The ball gown never really went out of style.
It was, for a little while, simply overshadowed.
Blame all those brides who arrived at the altar in sinuous trumpet and fishtail silhouettes. Or those who craved cap-sleeve sheaths. Don’t forget the betrothed bohemians who, for the better part of five years, whispered “I do” in yards and yards of flowing tulle.
These days, however, whether the bride is taking her vows in the vineyard or the barnyard, the cathedral or the courthouse, more is definitely more. Full skirts are back. The princess gown is on the cusp of a comeback.
“We are seeing a return to regalness and grace,” said Lori Conley, division merchandise manager for David’s Bridal in Conshohocken. “Everything is now amplified. She is commanding her moment in the spotlight.”
Pop culture, Conley said, had a major hand in showing brides that it’s high time they reembrace the pouf.
First daughter Ivanka Trump danced into her new role as America’s princess in a champagne-hued Carolina Herrera gown. Some even argued that her dress upstaged the first lady’s straight gown, which she designed with Herve Pierre.
Volume also outdid slinky on Hollywood’s red carpets this year. The mauve Zuhair Murad dress actress Lily Collins wore to the Golden Globes was unforgettable. Kirstin Dunst chose a colossal vintage Dior for the Academy Awards — a beautiful and certainly bulbous departure from the actress’ body-skimming looks.
“Opulence is influencing couture after a long period of all things soft and muted,” Conley said, citing the young celebrities who attended last month’s Cannes Film Festival. Elle Fanning and Ashley Benson both went the billowing, strapless-gown route. “Glamour is making its way back to couture, and we all know that bridal takes its cues from that.”
Sofia Vergara in 2015 wore an embroidered Zuhair Murad gown for her extravagant wedding ceremony to Joe Manganiello. The sheath, in total form-fitting Vergara style, featured a come-hither sweetheart neckline. But in a surprisingly outside-the-box decision, the actress added a removable ball gown.
“That was the move that started to bring attention back to fullness in bridal,” said Ashley Corbett, owner of Center City’s Philadelphia Bridal Co. “She really brought the drama with that.”
Shortly after, Corbett said, the tubular silhouettes began to expand to slim A-lines, and then fuller A-lines. (In the fashion world, this is called collapsed volume.) From there emerged the two-piece: a midriff — mostly with a cap-sleeve shirt — paired with an abundant A-line. Finally, at March’s Bridal Fashion Week, the full-on ball gown emerged.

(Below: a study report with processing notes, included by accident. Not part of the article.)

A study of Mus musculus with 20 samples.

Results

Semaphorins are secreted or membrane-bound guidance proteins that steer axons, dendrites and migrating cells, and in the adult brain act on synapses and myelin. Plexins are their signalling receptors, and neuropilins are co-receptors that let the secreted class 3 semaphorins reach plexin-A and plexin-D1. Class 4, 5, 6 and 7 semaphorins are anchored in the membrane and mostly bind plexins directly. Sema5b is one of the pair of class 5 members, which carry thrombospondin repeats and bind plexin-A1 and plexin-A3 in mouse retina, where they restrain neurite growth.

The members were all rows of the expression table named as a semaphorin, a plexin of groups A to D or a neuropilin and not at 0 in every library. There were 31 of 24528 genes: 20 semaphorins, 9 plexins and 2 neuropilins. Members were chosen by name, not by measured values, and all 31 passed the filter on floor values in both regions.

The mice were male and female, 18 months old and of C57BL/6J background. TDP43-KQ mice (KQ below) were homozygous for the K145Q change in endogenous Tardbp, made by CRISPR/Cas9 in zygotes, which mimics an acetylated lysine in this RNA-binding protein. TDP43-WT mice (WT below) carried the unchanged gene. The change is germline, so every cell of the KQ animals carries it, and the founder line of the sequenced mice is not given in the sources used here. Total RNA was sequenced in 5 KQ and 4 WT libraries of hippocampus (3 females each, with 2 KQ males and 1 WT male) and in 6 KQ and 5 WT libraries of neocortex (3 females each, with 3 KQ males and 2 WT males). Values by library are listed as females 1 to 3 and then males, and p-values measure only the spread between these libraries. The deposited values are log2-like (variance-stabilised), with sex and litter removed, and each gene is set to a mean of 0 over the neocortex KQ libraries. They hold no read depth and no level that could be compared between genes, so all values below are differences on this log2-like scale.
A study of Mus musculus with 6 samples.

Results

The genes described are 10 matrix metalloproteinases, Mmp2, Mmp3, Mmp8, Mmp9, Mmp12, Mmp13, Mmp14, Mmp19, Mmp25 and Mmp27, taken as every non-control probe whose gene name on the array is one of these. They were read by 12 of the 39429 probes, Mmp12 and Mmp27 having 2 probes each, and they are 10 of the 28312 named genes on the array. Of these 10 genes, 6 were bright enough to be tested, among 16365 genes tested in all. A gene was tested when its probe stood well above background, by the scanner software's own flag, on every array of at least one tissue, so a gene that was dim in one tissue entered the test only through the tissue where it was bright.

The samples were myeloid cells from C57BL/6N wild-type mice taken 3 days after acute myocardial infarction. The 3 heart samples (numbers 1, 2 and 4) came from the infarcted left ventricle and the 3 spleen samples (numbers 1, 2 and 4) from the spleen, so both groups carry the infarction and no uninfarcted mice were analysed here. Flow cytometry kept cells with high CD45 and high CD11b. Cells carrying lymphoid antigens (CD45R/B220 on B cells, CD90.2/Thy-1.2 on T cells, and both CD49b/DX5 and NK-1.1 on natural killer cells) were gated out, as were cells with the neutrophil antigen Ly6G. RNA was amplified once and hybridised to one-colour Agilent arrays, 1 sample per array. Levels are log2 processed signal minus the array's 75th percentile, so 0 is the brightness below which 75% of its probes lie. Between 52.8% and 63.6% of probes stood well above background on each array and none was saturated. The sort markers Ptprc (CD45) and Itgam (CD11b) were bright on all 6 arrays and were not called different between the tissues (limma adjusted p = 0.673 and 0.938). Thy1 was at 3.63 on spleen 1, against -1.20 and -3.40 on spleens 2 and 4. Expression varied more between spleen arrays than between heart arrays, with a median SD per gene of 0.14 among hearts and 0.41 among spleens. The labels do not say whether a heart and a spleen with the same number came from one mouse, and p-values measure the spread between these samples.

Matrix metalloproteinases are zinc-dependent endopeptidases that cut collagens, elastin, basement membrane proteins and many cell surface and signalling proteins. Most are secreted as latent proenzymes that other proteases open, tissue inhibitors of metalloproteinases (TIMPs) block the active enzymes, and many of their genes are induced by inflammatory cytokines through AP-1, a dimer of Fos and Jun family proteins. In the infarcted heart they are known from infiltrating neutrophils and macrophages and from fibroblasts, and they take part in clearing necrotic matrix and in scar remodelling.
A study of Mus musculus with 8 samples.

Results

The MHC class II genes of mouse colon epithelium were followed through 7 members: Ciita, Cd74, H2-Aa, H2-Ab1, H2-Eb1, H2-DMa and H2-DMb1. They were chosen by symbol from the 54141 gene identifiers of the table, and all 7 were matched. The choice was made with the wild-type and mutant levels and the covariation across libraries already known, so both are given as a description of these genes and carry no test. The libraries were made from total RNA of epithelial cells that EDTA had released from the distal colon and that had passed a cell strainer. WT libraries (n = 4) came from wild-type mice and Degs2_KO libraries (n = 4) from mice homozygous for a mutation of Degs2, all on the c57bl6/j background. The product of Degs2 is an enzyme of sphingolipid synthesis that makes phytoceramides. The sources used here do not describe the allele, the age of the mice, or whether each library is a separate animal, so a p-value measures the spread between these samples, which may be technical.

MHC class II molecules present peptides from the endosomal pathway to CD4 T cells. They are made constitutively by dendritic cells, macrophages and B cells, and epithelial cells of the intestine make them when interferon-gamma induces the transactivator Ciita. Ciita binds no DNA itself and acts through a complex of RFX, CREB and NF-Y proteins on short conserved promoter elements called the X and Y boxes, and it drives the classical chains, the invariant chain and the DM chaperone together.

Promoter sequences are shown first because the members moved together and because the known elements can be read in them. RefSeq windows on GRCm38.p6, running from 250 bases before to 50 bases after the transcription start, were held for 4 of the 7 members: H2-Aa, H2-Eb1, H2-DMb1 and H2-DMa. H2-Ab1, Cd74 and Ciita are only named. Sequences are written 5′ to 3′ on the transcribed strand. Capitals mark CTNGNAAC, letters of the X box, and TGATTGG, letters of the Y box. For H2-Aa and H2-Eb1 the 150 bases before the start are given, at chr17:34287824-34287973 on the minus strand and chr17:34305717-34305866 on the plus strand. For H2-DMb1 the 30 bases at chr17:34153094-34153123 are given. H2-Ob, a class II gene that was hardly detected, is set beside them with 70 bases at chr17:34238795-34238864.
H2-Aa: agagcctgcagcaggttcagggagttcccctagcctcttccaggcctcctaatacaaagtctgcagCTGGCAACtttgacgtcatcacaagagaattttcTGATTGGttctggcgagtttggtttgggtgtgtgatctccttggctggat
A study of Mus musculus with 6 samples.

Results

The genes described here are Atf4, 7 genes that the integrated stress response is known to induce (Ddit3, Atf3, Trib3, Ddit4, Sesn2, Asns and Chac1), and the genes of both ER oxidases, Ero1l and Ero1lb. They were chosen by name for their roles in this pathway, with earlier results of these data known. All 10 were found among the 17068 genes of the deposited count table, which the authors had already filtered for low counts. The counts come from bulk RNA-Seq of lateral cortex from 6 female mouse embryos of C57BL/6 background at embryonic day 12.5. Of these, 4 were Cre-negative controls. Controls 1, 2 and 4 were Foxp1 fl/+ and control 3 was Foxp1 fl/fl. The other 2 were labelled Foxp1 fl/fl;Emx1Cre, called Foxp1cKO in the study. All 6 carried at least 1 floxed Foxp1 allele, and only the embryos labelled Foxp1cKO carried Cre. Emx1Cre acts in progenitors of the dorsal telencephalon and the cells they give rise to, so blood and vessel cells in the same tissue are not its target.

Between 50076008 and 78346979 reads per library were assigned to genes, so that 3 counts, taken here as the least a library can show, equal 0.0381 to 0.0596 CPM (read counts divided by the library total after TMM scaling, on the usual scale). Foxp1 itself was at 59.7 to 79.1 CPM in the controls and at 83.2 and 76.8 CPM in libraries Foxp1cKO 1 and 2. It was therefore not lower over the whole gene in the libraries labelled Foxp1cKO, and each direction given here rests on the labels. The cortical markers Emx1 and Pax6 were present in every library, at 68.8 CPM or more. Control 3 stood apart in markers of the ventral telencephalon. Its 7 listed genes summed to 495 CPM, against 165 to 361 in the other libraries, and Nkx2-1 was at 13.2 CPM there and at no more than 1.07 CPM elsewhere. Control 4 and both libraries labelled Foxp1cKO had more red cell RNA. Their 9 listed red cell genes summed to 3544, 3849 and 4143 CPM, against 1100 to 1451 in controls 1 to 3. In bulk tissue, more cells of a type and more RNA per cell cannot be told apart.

“You started to see designers like Marchesa make volume-friendly gowns that brides were wearing to their rustic and barnyard weddings,” Conley said. “Slowly but surely, brides stopped being afraid.”
Brides’ willful pivot toward classic volume doesn’t mean today’s princess gowns are the same one-trick ponies they were in the late 1990s — an indistinguishable collection of strapless bodices that featured a straight neckline and a cinched waist.
Instead, voluminous skirts are attached to illusion-lace halters. Sleeves are capped or three-quarter length. In sleeveless gowns, the decolletage drifts from the center of the cleavage to just above the belly button, although the latter requires a mesh overlay.
“The ball gown has been reinvented in a variety of different ways,” says Ivy Kaplin, owner of Old City boutique Lovely Bride. “Sweetheart necklines and less-structured silhouettes provide a goddess vibe. Those with cutouts are considered edgy. It allows for women who want a classic look to feel like herself on her wedding day.”
It’s not just the variety of bodices that makes today’s swelled skirts looks special. Texture plays a role, too.
Sheer linens are threaded with metallics for maiden bridal looks, and stiffer silks — like mikado and embroidered or embossed faille — create crisp, elegant frocks. Laces are thicker, more guipure than chantilly. Even ropes and cords are twisted into gowns by the very artistic.
When it comes to embellishment, crystals are starting to take a backseat to pearls.
“The freshest thing that we are seeing emerge as part of this magnificent gown trend is structure,” Conley said. “It stands stiffly on its own, creating a clean, more modern silhouette that just has that little bit of something.”
Finally, although rose and metallic gold are still a part of the bridal hue mix, those who like color are leaning toward the macaron color palette — think dusty purple, ocean blue, and even mint green.
So you have the best of both worlds: a classic look with individual touches. A bridal gown redux, if you will.
“Everything is just swinging more conservative,” Corbett said. “In order to seize their moment, their center of attention, the full ball gown kind of had to come back into play.”
Clothing and Accessories
Bernie Robbins Jewelers, 775 E. Lancaster Ave., Villanova, www.bernierobbins.com, 610-971-2446; Conrad Booker, email@example.com; David’s Bridal, Great Northeast Plaza, 215-744-9651, www.davidsbridal.com; Evantine Design, 715 Walnut St., 215-790-2576, evantinedesign.com; Lovely Bride, 237 Market St., 215-627-1800, www.lovelybride.com; Philadelphia Bridal Co., 1218 Spruce St., 267-239-5443, www.philadelphiabridalcompany.com; Plain Elain; plainelain.weebly.com.
SPECIAL THANKS TO:
Cira Green, a one-acre, elevated urban park that provides sweeping views of Center City, University City, and the Schuylkill. For more information, contact Clayre Cardi, 610-964-9600.
Hair and makeup : Hector Rodriguez, 215-375-2470.
Stylist: Mark Barksdale, @romanwarriorstyle Instagram.
Model: Ayana Wildgoose, W Talent Management.